Military charity unveils new anti-gravity treadmill purchased after blind veteran raised £15,000 with 100km walk

BVUK


A new anti-gravity treadmill has been unveiled by military charity Blind Veterans UK after a blind veteran raised £15,000 towards its purchase.

Rifleman Paul Jacobs GM, 27, from Brighton who completely lost his sight whilst on operations in Afghanistan, raised the money by tackling Blind Veterans UK’s inaugural 100km challenge over the Yorkshire Dales in June last year.

Paul, who has already climbed Mount Kilimanjaro and finished the London marathon twice, embarked on the mammoth, overnight trek with a team of fellow walkers there to guide him.

The team called ‘Paul’s People’ wanted to raise the funds for essential specialist rehabilitation equipment for the charity, Blind Veterans UK, which helps ex-service men and women across the UK who have suffered severe sight loss. After beating their initial £10,000 fundraising target the team settled on using the money to contribute towards an anti-gravity treadmill.

Paul lost his sight in 2009 when, just three weeks away from the end of his tour in Afghanistan, his patrol encountered an improvised explosive device in Sangin Valley. He received the George Medal for exceptional valour on the battlefield and is no stranger to taking on physical challenges since losing his sight.

Paul says: “I’ve climbed Kilimanjaro, completed a few marathons and triathlons, and had already walked the London to Brighton 100k challenge for Blind Veterans UK. So the new Northern route seemed like the next obvious challenge! I might have been injured, but I’m still a soldier and this is my way of making my life count and helping others. You don’t need to have sight to have vision.

“Blind Veterans UK has done so much for me so I’m very proud to have been able to give something back by raising this money and giving the centre this piece of equipment. I hope it will make a real difference to people’s lives.”

BVUK1The specialist equipment was unveiled at the charity’s training and rehabilitation centre in Llandudno on Thursday (19/01). The anti-gravity treadmill will be used by blind and vision-impaired ex-Service men and women with specialist training needs. Mark Hollis, Activities Team Leader at Blind Veterans UK, has described how excited the staff are to get going training veterans on the treadmill.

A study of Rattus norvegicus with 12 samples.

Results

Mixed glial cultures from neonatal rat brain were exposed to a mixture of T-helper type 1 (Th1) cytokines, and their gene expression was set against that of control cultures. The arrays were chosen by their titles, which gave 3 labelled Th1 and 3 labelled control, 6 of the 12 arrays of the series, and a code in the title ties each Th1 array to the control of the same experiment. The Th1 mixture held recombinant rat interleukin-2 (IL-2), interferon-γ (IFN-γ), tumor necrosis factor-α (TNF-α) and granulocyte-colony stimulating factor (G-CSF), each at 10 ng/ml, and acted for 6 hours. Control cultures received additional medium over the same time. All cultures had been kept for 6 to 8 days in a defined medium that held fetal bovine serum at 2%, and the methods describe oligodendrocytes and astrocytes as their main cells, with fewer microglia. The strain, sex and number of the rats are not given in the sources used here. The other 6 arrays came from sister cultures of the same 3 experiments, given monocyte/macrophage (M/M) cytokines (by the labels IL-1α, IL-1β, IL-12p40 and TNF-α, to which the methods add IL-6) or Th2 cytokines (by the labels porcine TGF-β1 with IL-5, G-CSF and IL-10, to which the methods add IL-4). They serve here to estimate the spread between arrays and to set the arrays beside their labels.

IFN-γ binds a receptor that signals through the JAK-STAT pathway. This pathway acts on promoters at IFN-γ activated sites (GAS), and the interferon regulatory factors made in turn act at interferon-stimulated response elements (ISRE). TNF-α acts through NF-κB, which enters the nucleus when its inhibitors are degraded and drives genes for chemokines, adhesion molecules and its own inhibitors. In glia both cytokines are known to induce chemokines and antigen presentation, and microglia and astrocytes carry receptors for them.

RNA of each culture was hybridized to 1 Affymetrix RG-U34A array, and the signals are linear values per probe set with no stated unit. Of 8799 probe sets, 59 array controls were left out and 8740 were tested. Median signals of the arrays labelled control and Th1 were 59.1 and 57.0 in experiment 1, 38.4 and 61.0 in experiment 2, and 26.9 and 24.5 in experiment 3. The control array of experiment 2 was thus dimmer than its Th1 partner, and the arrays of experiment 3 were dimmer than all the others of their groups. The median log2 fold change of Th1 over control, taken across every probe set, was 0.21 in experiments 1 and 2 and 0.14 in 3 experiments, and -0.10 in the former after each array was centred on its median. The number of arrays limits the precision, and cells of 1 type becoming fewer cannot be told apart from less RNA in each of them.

He said: “The Alter G anti-gravity trainer is an amazing rehabilitation tool which will allow us to offer a much broader range of services. The team are really excited about the prospect of getting started on it.

“We can assist in mobility training for veterans who have suffered a stroke or are recovering post operatively from knee, hip and lower back injuries as part of a coordinated programme with our gym staff, in house Occupational Therapist and the veterans’ physiotherapy team.

“The Alter G has also been proved to reduce the fall rate in MS and Parkinson’s sufferers by 95% as part of an intense programme, this will make a massive impact on people’s lives and general wellbeing.

“We are so grateful to have been donated this amazing life changing piece of equipment.”

BVUK2Colonel Mike Brooke OBE is a Trustee of Blind Veterans UK and was one of the guides who assisted Paul along the 100km route. He was asked to unveil the new equipment.

He said: “I, and the rest of ‘Paul’s People’ were hugely proud to just work alongside Paul on the day. He is an excellent example of the great things our blind veterans can achieve.

“We set the target to raise £10,000 when the idea for the walk was first suggested. To beat that and raise an incredible £15,000 is fantastic and the extra money has allowed us to contribute more for this treadmill.”

Blind Veterans UK’s two 100k challenges are the charity’s biggest annual fundraisers and take place in Yorkshire and from London to Brighton. To learn more and sign up for the Blind Veterans UK 100k events, please visit www.blindveterans.org.uk/100k.

Blind Veterans UK was founded in 1915 and the charity’s initial purpose was to help and support soldiers blinded in the First World War. But the organisation has gone on to support more than 35,000 blind veterans and their families, spanning WWII to recent conflicts including Iraq and Afghanistan.

For more than a century, the charity has been providing vital free training, rehabilitation, equipment and emotional support to blind and vision-impaired veterans no matter when they served or how they lost their sight.

ENDS

High Resolution images are available on request

For all media enquiries please contact: Mark Wheeler, PR Officer, Blind Veterans UK, 12 – 14 Harcourt Street, London, W1H 4HD, E: This email address is being protected from spambots. You need JavaScript enabled to view it., T: 020 7616 7980

Notes to Editors

Blind Veterans UK

Blind Veterans UK is a national charity that believes that no-one who has served our country should have to battle blindness alone. Founded in 1915, the charity provides blind and vision impaired ex-Service men and women with lifelong support including welfare support, rehabilitation, training, residential and respite care.

Find out more at: blindveterans.org.uk, follow us on Facebook at: facebook.com/blindveteransuk and on Twitter at: twitter.com/blindveterans.